Federal officials say Bernard Madoff's house in Montauk,

Federal officials say Bernard Madoff's house in Montauk, along with the family's two other multimillion dollar properties, will be up for sale by next month. (Aug. 6, 2009) Credit: Newsday Photo / Dave Marcus

Get ready for the Great Madoff Land Rush of 2009.

Real estate brokers from Long Island, Manhattan and Palm Beach were invited Friday by the U.S. Marshals Service to submit proposals for the sale of Bernard and Ruth Madoff's three spacious homes.

Officials hope to select a broker for the Montauk home at 216 Old Montauk Hwy. by Aug. 27. Realtors for the Manhattan penthouse at 133 E. 64th St., and the Palm Beach estate at 410 N. Lake Way, should be selected shortly after, said a spokesman for the Marshals Service.

The government hopes to have all three properties on the market by Sept. 14, said Barry Golden, a spokesman for the Marshals Service in Florida. The homes, along with furniture and personal property, were forfeited to the government after Bernard Madoff was sentenced to 150 years in prison for running the biggest Ponzi scheme in Wall Street history.

According to Roland Ubaldo, the New York spokesman for the Marshals Service, the homes will be sold without the furniture, which will be bundled up and sold along with Madoff personal property at a separate auction.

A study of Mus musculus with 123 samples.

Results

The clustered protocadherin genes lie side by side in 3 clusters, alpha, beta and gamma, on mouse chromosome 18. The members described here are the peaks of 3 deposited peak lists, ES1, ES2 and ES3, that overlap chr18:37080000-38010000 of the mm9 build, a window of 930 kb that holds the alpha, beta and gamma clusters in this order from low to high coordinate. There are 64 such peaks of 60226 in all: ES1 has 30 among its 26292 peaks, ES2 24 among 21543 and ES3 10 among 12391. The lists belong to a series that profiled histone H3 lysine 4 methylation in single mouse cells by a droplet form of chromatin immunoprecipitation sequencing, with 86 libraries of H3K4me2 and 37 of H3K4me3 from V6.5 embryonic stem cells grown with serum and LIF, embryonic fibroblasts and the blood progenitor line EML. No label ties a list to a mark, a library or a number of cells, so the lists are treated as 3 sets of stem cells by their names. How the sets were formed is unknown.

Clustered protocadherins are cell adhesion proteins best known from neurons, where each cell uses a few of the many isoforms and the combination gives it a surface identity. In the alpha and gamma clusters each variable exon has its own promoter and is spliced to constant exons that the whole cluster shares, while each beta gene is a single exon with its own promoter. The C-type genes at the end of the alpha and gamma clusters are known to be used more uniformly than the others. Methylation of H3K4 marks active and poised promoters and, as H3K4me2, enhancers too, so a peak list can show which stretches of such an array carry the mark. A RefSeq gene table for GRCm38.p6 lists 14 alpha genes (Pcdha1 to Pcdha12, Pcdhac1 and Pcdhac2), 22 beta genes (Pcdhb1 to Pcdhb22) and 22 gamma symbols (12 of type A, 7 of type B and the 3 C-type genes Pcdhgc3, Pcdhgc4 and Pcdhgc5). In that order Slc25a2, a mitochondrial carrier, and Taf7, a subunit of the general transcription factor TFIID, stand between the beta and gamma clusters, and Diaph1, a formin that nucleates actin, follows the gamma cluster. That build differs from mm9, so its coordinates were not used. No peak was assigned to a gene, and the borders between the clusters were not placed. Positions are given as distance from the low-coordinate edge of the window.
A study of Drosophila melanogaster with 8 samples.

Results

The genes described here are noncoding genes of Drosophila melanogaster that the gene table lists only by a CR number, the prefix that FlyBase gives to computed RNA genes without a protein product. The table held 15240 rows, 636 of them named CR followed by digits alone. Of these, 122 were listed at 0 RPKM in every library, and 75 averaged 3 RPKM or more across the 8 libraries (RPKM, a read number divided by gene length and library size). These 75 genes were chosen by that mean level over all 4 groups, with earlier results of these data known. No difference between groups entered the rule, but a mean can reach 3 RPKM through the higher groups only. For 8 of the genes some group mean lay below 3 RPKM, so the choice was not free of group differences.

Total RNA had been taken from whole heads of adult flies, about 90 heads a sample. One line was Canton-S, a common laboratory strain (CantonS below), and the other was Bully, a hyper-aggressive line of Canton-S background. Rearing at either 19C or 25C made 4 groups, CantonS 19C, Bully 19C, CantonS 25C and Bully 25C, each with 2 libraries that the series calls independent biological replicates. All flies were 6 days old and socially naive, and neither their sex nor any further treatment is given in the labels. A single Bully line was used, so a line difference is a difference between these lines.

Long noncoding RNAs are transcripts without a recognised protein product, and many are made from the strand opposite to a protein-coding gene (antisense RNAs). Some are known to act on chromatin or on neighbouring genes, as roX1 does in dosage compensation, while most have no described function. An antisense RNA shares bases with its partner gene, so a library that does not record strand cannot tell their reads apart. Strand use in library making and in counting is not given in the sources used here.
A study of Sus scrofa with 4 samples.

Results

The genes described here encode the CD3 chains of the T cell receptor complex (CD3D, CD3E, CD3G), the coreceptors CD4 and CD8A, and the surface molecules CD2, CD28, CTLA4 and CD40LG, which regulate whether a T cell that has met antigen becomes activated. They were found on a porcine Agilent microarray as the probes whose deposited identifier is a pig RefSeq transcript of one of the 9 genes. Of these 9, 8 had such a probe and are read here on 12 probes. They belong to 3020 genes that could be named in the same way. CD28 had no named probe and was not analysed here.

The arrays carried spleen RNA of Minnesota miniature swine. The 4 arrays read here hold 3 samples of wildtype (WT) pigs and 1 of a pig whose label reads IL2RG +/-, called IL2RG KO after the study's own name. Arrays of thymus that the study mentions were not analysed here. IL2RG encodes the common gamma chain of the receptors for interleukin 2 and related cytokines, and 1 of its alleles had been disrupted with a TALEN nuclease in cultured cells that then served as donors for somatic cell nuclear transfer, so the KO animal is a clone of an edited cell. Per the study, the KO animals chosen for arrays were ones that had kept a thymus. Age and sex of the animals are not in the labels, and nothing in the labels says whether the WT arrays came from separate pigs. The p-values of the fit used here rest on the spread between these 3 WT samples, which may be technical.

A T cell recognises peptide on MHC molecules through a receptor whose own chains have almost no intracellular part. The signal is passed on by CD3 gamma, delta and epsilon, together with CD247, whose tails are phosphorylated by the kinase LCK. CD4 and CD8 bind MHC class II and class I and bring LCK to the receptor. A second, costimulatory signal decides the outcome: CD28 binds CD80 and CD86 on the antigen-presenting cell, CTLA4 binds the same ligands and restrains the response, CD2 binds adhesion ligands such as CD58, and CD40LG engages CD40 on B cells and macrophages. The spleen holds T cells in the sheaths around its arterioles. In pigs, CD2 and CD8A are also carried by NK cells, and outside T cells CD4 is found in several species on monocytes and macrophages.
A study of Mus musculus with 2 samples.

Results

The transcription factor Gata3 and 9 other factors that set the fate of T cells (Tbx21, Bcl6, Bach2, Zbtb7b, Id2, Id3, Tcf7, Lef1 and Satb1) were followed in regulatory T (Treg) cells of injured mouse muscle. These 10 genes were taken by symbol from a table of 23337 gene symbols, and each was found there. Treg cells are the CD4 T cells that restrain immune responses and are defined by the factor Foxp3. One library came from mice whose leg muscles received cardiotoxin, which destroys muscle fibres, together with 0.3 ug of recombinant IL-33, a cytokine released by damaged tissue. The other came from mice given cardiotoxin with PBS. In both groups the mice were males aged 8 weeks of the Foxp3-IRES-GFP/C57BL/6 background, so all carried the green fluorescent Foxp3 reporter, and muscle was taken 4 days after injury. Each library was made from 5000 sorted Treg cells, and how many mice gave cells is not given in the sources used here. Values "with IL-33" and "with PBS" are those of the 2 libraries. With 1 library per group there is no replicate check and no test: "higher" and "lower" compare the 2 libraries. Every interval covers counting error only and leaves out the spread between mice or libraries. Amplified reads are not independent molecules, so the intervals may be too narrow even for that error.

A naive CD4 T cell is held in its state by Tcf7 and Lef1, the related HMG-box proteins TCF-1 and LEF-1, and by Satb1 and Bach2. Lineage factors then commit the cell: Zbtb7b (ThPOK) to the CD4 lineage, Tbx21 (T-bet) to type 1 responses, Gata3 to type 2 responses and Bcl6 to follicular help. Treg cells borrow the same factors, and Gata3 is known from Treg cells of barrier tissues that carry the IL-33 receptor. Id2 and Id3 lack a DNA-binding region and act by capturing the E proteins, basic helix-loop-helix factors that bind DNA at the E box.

Because the government wants to get as much money as possible for investors, brokers will be evaluated on how much they are willing to lower their usual commission rates.

Marshals have been working at the homes to make sure they stay in good condition and to inventory the Madoff personal items, Golden explained.

Golden said the government is interested in brokers who are experienced in selling high-priced property and know the particular markets.

Officials estimate that the three Madoff homes are now worth a total of $20 million.

But as much money as the government may get for the homes and the personal Madoff effects, it will amount to a fraction toward the goal of compensating the fraud victims. Estimated losses in the fraud range from $13 billion to $21 billion. So far special trustee Irving Picard has located $1.5 billion and has sued to recover $10 billion from hedge funds.